NEW data shows that people across Worcestershire are obeying the lockdown rules, with visitor numbers to the county’s shops and restaurants, supermarkets, train stations and offices plummeting.

Footfall data compiled by Google shows the huge drops in numbers for Worcestershire businesses with retail taking the biggest hit – down by a huge 86 per cent in the last month.

The county’s bus and train stations also saw a huge drop of 71 per cent over the same period.

The data reports published by Google plot movement in certain areas across the county including shops, restaurants, pubs and bars; supermarkets; train and bus stations; parks; residential areas and workplaces.

Worcester’s MP Robin Walker said businesses would be hit by the government’s social isolation measures but the drop in the figures showed they had been a success.

Mr Walker said: “Unfortunately, there will be a massive hit to the High Street. I think that’s part of the reason why it was really important that we had things like the furlough scheme to protect people who work in that environment and try and make sure they can come back from temporary lockdown.

“But this does show that the social distancing policies have been a success and they have actually allowed people to be mixing less in these areas. It’s a difficult balance that we are really having to strike at the moment.”

Google compared the figures collected between February 16 and March 29 – which obviously includes March 23 when Prime Minister Boris Johnson announced the government’s strictest measures yet – with the median figures for between January 3 and February 6.

Cllr Marc Bayliss, leader of the city council, said society was facing “very difficult times” but he was pleased the government was helping small businesses to survive.

He said: “The coronavirus is hitting all parts of society and the economy and the High Street are parts of that.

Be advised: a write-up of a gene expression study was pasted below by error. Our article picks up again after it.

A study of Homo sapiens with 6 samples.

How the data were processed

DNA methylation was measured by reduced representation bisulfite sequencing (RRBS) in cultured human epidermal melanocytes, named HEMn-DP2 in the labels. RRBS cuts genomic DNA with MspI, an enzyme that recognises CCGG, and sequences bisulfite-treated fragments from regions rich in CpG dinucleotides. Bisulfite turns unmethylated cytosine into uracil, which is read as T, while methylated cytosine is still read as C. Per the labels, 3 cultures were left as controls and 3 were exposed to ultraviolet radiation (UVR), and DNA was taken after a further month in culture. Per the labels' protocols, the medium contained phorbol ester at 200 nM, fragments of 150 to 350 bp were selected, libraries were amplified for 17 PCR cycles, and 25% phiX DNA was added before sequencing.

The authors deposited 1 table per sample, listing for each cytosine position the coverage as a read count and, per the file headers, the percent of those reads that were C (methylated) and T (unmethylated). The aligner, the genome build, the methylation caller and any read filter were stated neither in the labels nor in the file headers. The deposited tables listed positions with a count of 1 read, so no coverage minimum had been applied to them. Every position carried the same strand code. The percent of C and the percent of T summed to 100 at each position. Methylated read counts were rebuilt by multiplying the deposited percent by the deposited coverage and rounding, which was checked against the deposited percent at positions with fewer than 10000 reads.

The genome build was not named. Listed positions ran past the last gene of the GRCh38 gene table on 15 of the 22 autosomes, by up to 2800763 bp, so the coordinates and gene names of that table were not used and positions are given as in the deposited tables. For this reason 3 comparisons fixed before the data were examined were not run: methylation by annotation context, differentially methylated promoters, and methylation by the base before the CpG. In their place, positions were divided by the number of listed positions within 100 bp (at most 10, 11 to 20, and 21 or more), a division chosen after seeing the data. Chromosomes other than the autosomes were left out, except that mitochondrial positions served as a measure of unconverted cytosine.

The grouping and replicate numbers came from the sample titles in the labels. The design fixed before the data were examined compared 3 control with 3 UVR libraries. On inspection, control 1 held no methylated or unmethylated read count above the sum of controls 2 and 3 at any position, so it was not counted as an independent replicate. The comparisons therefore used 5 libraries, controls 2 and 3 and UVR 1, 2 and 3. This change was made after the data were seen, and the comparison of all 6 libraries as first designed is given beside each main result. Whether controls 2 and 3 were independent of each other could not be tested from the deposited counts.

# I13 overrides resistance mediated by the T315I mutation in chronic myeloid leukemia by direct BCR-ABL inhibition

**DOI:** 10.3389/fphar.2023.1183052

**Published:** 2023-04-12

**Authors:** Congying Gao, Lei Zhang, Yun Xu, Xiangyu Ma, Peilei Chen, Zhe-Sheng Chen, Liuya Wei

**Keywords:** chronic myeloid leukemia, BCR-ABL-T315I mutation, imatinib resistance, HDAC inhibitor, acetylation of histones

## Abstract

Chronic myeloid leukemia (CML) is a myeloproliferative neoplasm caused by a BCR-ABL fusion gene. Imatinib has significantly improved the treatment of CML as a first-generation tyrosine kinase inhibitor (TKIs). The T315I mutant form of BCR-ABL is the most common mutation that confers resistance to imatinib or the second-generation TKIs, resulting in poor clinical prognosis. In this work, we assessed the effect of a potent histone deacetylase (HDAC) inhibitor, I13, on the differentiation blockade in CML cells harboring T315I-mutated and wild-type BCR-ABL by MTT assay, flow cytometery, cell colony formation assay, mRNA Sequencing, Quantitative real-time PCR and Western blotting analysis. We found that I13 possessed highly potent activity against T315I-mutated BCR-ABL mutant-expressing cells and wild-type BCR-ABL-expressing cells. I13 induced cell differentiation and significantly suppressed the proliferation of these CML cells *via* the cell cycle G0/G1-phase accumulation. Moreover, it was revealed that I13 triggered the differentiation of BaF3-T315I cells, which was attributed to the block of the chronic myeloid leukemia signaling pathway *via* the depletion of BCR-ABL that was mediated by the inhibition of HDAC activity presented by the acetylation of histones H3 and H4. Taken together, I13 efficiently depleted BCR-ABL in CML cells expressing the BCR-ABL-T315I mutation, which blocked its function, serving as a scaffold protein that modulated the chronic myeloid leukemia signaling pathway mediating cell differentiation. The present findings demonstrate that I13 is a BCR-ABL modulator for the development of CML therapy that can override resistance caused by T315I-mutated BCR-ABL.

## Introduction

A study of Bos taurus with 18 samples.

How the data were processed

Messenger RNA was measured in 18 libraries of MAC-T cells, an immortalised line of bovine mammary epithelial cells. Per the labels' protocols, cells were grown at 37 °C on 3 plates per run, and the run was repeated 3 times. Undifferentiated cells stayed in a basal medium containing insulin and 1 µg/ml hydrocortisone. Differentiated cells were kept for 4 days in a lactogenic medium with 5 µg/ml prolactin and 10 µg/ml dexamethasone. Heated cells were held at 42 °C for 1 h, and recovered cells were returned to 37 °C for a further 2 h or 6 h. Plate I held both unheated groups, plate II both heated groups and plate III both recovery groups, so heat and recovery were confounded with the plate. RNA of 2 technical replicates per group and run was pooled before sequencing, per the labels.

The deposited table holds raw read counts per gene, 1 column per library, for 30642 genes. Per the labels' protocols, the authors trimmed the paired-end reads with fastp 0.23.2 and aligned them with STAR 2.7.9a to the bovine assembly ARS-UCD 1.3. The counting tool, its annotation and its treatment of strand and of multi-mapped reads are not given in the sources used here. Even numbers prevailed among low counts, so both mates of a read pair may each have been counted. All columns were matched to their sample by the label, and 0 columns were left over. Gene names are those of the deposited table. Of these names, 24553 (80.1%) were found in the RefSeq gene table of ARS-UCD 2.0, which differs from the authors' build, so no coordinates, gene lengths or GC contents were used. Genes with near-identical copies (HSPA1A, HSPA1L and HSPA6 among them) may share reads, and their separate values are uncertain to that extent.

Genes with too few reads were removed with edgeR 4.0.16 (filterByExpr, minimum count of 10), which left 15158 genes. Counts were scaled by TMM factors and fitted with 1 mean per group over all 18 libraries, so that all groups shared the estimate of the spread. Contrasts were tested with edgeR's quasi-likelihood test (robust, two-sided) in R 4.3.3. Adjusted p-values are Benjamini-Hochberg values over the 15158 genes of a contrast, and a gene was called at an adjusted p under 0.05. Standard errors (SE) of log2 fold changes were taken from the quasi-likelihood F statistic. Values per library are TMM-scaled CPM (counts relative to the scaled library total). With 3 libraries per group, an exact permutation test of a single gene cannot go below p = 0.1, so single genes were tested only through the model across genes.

“I’m glad to see the government has put some money into supporting small businesses and hopefully, through the furloughing scheme and the business rates and the grants, it will help businesses to survive. These are very difficult times.

“I think that most businesses can survive for a period of time but that is not infinite. We need to be able to get going again as quickly as it is safely possible but human safety must come first. That is why doing what we can is so important.

Cllr Adrian Gregson, deputy leader of the city council, said the figures showed that social isolation measures were getting through but as much support for businesses as possible would be needed.

He said: “The main message is that you should follow government guidelines of only going when you need to, whether that is work or essential shopping, and keeping your distance. It sounds as though those messages are getting through locally.

“The downside of all of that, of course, is that it is really affecting business on a major scale.

“The city council has been looking at how to process business grants through to people who can identify at this moment that they are suffering.

“Although it is good for the health of the nation, it’s obviously damaging, and we need to look at how we can support those people.”

Cllr Louis Stephen, leader of the council’s Green group, said: “This data shows that most people are taking the coronavirus pandemic very seriously.

“We all have our part to play in reducing the chance of spreading the virus - for some vulnerable people this is case of life or death.

“I hope that the current social distancing and hand washing measures introduced will reduce the number of infections to a level our hospital can cope with. It’s times like these that a spotlight is shone on the really essential workers keeping us safe.

“Thank you to every NHS worker, carer, food retailer and refuse collector - you are all heroes.”